The World Wilderness Fund has released a new report that shows species under threat from human-driven forest degradation.
The first-ever global assessment of forest biodiversity, Below the Canopy, shows that monitored forest-dwelling wildlife populations have shrunk on average by more than half (53 per cent) since 1970.
The new report by the World Wilderness Fund (WWF) highlights the multitude of threats forest-living species are facing and shows that habitat loss and degradation, primarily caused by human activity, is the cause of 60 per cent of the threats to forests and forest species.
Declines were greatest in tropical forests, such as the Amazon rainforest.
The report shows forests which are home to well over half of the world’s land-based species and one of the most important carbon sinks, which experts say are vital to the health of the planet.
The report details the forest wildlife species which are under threat.
These provide vital functions to keep forests healthy and productive, such as pollinating and dispersing seeds and other crucial roles that affect natural regeneration and carbon storage.
According to expert contributors to the report, if we are to reverse the decline in biodiversity worldwide and avoid climate crisis, we need to safeguard forests and the species that live in them.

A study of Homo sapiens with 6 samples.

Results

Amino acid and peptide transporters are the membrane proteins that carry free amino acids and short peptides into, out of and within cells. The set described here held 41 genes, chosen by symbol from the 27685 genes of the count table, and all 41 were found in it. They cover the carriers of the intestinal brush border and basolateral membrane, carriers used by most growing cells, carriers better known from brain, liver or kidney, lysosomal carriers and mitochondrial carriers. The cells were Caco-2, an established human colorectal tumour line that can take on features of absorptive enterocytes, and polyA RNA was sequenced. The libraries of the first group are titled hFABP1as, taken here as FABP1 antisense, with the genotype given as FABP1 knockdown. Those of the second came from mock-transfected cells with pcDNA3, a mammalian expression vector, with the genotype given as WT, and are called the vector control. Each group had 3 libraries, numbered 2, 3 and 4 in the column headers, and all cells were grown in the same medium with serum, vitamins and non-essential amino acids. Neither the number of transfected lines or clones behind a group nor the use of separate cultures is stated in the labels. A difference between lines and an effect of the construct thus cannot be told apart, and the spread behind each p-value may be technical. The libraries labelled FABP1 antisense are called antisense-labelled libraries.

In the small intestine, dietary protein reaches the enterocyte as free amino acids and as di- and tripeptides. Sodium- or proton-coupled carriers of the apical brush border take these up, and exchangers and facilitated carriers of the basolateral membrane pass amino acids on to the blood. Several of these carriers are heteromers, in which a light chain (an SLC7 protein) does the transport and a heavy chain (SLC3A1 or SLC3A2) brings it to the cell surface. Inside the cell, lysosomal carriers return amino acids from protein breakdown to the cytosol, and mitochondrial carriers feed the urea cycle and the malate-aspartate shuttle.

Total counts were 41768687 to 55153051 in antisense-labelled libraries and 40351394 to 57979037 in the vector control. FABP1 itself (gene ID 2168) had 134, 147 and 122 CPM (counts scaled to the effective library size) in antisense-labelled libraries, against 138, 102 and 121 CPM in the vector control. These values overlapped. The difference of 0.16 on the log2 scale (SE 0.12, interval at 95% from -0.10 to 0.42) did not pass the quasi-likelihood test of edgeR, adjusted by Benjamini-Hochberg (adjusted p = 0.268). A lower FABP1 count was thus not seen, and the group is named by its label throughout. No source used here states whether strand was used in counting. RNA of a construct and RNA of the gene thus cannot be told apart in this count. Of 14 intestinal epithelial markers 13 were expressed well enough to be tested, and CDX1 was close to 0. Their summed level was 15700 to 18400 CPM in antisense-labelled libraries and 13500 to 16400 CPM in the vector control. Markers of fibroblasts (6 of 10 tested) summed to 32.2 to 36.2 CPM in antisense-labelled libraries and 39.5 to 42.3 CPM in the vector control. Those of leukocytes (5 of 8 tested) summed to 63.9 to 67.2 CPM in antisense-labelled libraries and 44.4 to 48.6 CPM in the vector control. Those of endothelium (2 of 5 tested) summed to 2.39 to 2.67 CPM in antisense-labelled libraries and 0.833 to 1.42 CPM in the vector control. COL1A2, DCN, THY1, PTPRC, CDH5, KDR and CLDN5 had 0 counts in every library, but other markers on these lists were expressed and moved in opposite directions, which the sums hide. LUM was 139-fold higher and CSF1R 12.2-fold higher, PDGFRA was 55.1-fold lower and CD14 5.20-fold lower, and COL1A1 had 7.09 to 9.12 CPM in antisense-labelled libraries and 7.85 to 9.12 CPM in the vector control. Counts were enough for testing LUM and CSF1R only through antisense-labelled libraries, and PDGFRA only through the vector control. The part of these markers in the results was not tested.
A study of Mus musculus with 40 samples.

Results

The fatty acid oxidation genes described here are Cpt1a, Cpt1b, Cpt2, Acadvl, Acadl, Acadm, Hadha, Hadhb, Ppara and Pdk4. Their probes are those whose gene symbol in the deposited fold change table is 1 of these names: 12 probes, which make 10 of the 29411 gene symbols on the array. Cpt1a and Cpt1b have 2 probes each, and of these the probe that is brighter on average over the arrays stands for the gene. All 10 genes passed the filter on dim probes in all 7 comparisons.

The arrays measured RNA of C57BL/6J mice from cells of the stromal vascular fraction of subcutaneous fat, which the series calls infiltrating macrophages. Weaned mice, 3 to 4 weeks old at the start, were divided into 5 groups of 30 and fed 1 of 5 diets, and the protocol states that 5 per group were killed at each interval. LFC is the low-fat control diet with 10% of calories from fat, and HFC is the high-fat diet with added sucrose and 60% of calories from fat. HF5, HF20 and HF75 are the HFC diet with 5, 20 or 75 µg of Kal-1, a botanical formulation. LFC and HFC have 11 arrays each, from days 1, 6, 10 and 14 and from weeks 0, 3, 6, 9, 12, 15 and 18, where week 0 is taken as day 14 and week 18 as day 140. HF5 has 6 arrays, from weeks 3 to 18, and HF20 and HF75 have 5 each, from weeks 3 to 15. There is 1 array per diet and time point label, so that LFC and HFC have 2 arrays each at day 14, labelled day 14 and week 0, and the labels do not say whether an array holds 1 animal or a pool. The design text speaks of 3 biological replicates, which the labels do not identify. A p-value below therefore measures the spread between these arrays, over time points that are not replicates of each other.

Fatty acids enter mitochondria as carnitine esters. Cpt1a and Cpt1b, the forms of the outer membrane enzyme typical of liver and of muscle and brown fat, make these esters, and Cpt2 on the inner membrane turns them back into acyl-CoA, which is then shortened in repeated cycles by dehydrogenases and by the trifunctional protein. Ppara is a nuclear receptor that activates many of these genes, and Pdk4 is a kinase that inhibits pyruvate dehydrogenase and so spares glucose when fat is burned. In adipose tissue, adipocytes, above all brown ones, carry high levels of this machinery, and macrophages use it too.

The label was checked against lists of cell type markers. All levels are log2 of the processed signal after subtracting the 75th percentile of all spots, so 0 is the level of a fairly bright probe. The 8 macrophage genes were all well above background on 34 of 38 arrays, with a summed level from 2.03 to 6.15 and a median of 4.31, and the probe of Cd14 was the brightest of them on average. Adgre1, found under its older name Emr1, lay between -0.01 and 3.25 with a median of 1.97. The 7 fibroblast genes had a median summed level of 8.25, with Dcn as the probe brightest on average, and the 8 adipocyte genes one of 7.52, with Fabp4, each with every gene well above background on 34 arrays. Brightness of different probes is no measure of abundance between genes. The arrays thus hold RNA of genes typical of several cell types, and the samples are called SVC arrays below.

WWF is using the report's finding to pressure world leaders to declare a planetary emergency and secure a New Deal for Nature and People by 2020 to stop climate breakdown and make social consumption and production models more sustainable.
Will Baldwin-Cantello, Global Lead on forests at WWF, said: "Forests are complex systems that depend on the wildlife that live in them to keep them healthy, and the rapid decrease in forest wildlife in recent decades is an urgent warning sign.
"Not only are forests a treasure trove of life on earth, they’re also our greatest natural ally in the fight against climate breakdown. We lose them at our peril. We need global leaders to immediately kickstart action to protect and restore nature and keep our forests standing.”
The Forest Specialist Index shows that monitored populations of forest-living birds, mammals, amphibians and reptiles declined, on average, by 53 per cent between 1970 and 2014, the most recent year for which data is available.
Conservation Scientist and report author Louise McRae said: “The first step towards protecting threatened wildlife is understanding trends in their populations and what drives their decline. By focusing our well-established Living Planet Index to create a new indicator for forest species, we can look below the canopy to see how wildlife within those forests are faring.
"Our analysis does just this, and reveals that many of the animal species that rely entirely on forests are dropping in number. Using this new indicator, we can continue to track forest wildlife and measure progress towards international agreements and biodiversity targets.”